Conduits Tubing - 52250

Conduits Tubing - 52250

What is Freight Class?

When you ship your products as LTL (less-than-truckload), you’ll have to assign your shipment a freight code. This is a standard code devised by the National Motor Freight and Traffic Association which allows carriers to identify qualities of the shipment and assist with transportation.
Ship conduits tubing accurately by using the information below:
52250
Conduits Tubing
70

NOI, walls more than 1/4 inch thick, mineral and resin composition combined, Resin content of the pipe, tubing or pipe fittings must exceed 20 percent but not exceed 50 percent by weight. Also applies on accompanying connector articles of metal construction necessary for installation not to exceed 10 percent of the weight on which charges are assessed. in boxes or bundles, shipments of pipe fittings and connector articles must be made in boxes. Shipments of pipe or tubing in tied bundles must have ends of pipe or tubing protected.

Subclasses for

Conduits Tubing - 52250

Often, NMFC codes have subclasses. These subclasses generally are based on the density of the shipment.
In this instance, the commodity, conduits tubing, is further broken down in the following subclasses:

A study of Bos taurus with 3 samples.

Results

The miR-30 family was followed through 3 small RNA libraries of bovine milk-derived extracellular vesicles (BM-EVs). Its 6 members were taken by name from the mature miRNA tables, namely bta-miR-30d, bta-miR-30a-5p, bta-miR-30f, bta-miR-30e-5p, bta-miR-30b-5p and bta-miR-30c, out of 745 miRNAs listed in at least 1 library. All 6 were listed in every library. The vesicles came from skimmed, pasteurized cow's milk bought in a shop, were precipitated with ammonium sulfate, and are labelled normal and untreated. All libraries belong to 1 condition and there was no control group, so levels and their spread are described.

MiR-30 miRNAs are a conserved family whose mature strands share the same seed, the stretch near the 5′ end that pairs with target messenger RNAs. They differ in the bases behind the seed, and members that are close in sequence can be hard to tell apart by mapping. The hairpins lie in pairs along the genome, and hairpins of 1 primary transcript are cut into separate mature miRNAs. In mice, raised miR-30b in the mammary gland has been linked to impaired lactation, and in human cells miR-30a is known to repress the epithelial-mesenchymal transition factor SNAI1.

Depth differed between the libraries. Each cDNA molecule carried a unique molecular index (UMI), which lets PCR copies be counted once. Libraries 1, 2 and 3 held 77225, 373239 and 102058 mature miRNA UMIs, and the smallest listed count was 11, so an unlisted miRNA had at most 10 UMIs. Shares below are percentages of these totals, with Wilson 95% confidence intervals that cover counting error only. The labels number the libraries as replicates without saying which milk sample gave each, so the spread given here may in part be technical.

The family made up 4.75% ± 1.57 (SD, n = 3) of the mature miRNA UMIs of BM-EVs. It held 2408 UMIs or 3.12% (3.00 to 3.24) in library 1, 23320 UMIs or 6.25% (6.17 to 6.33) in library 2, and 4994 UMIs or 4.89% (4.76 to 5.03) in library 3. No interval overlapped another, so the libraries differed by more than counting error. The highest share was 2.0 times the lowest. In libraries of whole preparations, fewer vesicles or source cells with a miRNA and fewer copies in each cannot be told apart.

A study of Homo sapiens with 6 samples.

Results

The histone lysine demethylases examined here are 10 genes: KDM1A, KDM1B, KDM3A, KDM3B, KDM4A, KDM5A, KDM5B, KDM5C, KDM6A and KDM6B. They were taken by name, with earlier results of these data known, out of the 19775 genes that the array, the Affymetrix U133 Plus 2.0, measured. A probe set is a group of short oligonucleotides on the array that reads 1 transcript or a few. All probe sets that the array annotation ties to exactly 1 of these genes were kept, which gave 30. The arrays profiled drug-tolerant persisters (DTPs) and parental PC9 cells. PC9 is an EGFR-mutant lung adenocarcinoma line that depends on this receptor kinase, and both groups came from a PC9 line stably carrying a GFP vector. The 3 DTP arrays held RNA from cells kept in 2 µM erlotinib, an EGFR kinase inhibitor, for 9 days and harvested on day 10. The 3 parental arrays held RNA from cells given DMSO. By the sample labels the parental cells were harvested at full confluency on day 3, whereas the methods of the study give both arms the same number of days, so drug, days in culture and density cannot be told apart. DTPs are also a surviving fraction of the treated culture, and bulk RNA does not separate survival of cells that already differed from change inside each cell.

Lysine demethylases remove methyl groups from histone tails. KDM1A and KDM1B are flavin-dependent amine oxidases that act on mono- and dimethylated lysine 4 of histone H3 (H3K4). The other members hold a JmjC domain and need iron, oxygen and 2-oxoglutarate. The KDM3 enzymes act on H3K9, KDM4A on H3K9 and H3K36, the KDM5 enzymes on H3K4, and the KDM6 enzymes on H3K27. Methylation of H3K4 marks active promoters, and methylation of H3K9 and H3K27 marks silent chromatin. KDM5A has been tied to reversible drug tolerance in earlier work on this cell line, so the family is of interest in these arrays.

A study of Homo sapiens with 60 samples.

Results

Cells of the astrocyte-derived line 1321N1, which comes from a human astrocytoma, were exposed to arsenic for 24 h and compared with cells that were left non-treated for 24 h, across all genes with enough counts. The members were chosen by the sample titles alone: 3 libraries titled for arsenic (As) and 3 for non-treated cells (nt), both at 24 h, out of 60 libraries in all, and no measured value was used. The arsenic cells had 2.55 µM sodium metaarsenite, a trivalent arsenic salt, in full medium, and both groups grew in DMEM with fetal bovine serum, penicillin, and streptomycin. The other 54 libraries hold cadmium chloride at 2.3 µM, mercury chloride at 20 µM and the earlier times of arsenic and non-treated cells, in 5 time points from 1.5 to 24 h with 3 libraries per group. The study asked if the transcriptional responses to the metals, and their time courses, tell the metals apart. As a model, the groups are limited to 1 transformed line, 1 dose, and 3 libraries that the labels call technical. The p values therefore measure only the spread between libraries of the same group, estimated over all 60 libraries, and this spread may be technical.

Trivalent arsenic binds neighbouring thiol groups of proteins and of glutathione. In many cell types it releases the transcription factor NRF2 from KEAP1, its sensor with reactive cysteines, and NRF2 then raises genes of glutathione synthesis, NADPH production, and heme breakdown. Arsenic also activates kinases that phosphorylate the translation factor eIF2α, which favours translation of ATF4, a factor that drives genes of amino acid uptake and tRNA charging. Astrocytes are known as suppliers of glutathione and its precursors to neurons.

Subclass Info
Subclass NMFC Code
Freight Class
Subclass Notes

FAQs

What is NMFC code?

The National Motor Freight Classification (NMFC) is the freight classification system devised by the National Motor Freight Traffic Association (NMFTA) and is used for all interstate, intrastate, and foreign commercial movement of LTL cargo. NMFC codes provide standardized freight classes to determine the ease of transport of many of the wide variety of commodities that are shipped together in LTL shipments.

What is a CWT rate?

CWT stands for hundredweight. LTL shipments are priced “per 100 pounds,” “cwt,” or “per hundredweight.” This means that a 400 lb shipment priced at $25 CWT would cost $100, not including accessories or specialty services.

How do I calculate density?

Multiply the length, width, and height of your shipment, then divide the total weight of your package by that number. If your shipment is 4 feet long, 5 feet wide, and 4 feet tall, you would multiply 4 x 5 x 4 to get 80 cubic feet. If it weighs 800 pounds, you would divide 800 / 80 to get 10 pounds per cubic foot.